I’m a curious person. Mix that curiosity with an interest in history and you have someone who’ll walk through knee-deep water and shoulder-high thorn bushes to get to an abandoned cemetery. Finding names and dates and tracing family lines is only half the pleasure of researching my family tree. The other half is learning about life the way it was before I was born.
Last summer I found a sample of that life buried beneath composting leaves and rotting tree branches in our backyard. It was adjacent to the pile of stones we had discovered in the woods. Although the farmer who had originally owned the property had removed the rocks from the planting field, I wanted to haul them out and use them to build a wall.
As we dug out the rocks, we uncovered old items scattered across the forest floor. Bottles, household objects and miscellaneous things that had been discarded in what was once the garbage pit.
Garbage dumps were common in rural areas years ago, and it was not unusual for folks to fill-in old wells with trash from around their property. However, the garbage dumps of yesterday aren’t like the ones of today because only things that were truly unusable went into them. That amounted to very little even for a large family.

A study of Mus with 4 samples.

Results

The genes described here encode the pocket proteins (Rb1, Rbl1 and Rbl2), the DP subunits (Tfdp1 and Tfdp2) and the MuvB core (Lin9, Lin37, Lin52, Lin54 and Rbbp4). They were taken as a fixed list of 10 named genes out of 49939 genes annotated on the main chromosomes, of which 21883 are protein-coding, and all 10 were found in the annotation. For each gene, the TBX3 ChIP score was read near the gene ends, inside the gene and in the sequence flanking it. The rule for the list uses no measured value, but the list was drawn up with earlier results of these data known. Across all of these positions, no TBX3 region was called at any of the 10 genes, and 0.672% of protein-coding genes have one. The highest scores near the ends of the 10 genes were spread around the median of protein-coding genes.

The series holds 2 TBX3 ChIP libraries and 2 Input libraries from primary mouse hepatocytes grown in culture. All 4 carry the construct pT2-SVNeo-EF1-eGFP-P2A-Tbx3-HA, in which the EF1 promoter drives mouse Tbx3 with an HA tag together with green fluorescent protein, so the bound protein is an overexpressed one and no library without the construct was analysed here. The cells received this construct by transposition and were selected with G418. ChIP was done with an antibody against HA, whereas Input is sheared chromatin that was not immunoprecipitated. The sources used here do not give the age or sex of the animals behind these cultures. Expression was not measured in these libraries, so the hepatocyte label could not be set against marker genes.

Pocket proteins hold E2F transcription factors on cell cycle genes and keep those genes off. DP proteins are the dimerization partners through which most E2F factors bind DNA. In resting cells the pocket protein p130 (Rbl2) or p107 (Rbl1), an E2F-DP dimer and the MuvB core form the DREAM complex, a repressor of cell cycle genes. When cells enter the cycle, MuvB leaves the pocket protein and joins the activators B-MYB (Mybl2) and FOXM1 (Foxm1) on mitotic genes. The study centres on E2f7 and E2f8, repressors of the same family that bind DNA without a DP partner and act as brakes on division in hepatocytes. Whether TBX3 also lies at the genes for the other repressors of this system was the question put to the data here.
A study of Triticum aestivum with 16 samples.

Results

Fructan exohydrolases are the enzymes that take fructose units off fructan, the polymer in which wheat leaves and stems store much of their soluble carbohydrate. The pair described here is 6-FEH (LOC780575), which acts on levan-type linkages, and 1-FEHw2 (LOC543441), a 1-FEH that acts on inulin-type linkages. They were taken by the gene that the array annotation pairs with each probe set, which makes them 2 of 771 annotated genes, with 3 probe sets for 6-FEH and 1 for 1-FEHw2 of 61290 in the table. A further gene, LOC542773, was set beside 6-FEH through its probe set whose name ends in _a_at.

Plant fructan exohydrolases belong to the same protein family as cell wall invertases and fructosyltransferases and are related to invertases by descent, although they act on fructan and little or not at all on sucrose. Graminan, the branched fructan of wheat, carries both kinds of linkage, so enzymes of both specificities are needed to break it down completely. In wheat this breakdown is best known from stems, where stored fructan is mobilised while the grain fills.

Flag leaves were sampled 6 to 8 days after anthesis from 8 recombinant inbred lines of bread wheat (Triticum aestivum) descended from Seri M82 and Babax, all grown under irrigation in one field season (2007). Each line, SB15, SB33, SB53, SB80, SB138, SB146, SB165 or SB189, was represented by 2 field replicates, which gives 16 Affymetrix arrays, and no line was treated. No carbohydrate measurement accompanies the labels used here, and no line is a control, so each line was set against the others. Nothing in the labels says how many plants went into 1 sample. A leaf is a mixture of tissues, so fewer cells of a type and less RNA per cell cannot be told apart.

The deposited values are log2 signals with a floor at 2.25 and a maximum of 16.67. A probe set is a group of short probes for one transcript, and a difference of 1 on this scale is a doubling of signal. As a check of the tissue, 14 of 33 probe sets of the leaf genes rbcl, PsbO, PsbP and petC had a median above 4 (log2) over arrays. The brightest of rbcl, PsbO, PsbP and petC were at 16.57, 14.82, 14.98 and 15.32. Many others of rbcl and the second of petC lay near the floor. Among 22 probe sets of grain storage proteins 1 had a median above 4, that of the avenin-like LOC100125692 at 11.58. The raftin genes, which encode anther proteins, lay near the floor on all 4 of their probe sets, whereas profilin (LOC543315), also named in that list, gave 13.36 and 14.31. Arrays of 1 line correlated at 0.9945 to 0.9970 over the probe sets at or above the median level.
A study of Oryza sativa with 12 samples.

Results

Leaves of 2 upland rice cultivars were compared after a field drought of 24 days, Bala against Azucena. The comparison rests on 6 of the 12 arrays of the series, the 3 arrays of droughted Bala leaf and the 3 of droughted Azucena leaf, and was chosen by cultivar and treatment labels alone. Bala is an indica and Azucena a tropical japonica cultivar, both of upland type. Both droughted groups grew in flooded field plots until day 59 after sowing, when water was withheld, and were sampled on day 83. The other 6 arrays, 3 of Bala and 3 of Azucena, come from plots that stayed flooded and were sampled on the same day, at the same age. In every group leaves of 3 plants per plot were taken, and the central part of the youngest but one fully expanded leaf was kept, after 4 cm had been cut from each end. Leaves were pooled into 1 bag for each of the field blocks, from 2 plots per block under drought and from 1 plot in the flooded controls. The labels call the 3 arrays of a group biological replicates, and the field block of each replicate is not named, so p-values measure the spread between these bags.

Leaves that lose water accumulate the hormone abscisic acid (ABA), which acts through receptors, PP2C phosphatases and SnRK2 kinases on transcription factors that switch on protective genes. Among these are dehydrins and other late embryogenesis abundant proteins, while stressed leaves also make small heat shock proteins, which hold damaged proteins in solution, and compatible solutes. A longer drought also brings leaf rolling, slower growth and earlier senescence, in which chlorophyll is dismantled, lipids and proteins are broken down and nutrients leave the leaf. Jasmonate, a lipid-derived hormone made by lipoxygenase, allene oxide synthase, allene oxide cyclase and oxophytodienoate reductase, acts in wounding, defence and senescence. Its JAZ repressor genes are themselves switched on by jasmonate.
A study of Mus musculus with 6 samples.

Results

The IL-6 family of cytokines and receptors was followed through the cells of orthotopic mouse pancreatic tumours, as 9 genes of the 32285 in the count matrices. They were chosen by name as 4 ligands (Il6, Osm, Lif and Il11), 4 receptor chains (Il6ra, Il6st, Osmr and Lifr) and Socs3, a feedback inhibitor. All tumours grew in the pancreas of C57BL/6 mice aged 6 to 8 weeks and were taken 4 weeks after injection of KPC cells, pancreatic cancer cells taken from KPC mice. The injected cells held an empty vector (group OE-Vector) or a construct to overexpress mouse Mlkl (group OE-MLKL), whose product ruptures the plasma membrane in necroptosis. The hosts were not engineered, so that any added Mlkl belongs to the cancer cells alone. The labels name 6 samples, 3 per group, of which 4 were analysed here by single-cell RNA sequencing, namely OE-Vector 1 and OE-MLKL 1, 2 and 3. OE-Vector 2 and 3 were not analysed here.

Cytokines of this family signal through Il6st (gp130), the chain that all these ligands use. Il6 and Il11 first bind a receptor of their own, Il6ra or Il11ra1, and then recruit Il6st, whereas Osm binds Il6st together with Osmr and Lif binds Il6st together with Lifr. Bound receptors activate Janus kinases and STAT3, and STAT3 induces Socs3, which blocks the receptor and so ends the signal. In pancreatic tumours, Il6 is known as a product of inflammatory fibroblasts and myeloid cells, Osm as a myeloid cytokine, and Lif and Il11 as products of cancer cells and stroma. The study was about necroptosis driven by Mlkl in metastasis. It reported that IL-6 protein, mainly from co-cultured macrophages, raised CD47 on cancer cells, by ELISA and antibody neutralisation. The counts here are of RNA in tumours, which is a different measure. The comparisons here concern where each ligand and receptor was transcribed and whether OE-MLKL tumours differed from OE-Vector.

Less garbage was produced years ago because people bought less and products were purchased in containers that could be reused or burnt in the wood stove. Possessions were used until they wore out and were thrown away only when another use couldn’t be found for them. Food scraps were non-existent because there wasn’t an abundance of food and because scraps were either composted or fed to the livestock.
Our backyard garbage pit didn’t contain garbage such as product packaging and plastic; it held items once thought to be boring to their owners but were now unique, such as a dark brown Javex bottle and a chrome fender from an old car. Several days were spent excavating the site for artefacts. Many unbroken pieces were recovered and cleaned. Incredibly, not many of the bottles were broken though they must have been thrown over the bank or dumped in the woods.
Armed with the names on the bottles and descriptions, we searched the Internet for more information. We discovered the Javex company began in 1919, and the amber-coloured glass protected the contents from light. The shape of the bottle we found was produced in the 1940s and 1950s. Our bottle had survived without a chip for more than sixty years.
Bottles from local companies that have disappeared from shelves, such as Chapman’s Beverages (Truro, NS) and Hi-Cap Beverages, were also found. This got me reminiscing about other companies I remembered from childhood such Pop Shop where recycling bottles was the natural thing to do.
My children and I learned a lot about the past from the backyard garbage dump. It was a history lesson that couldn’t be matched in any classroom.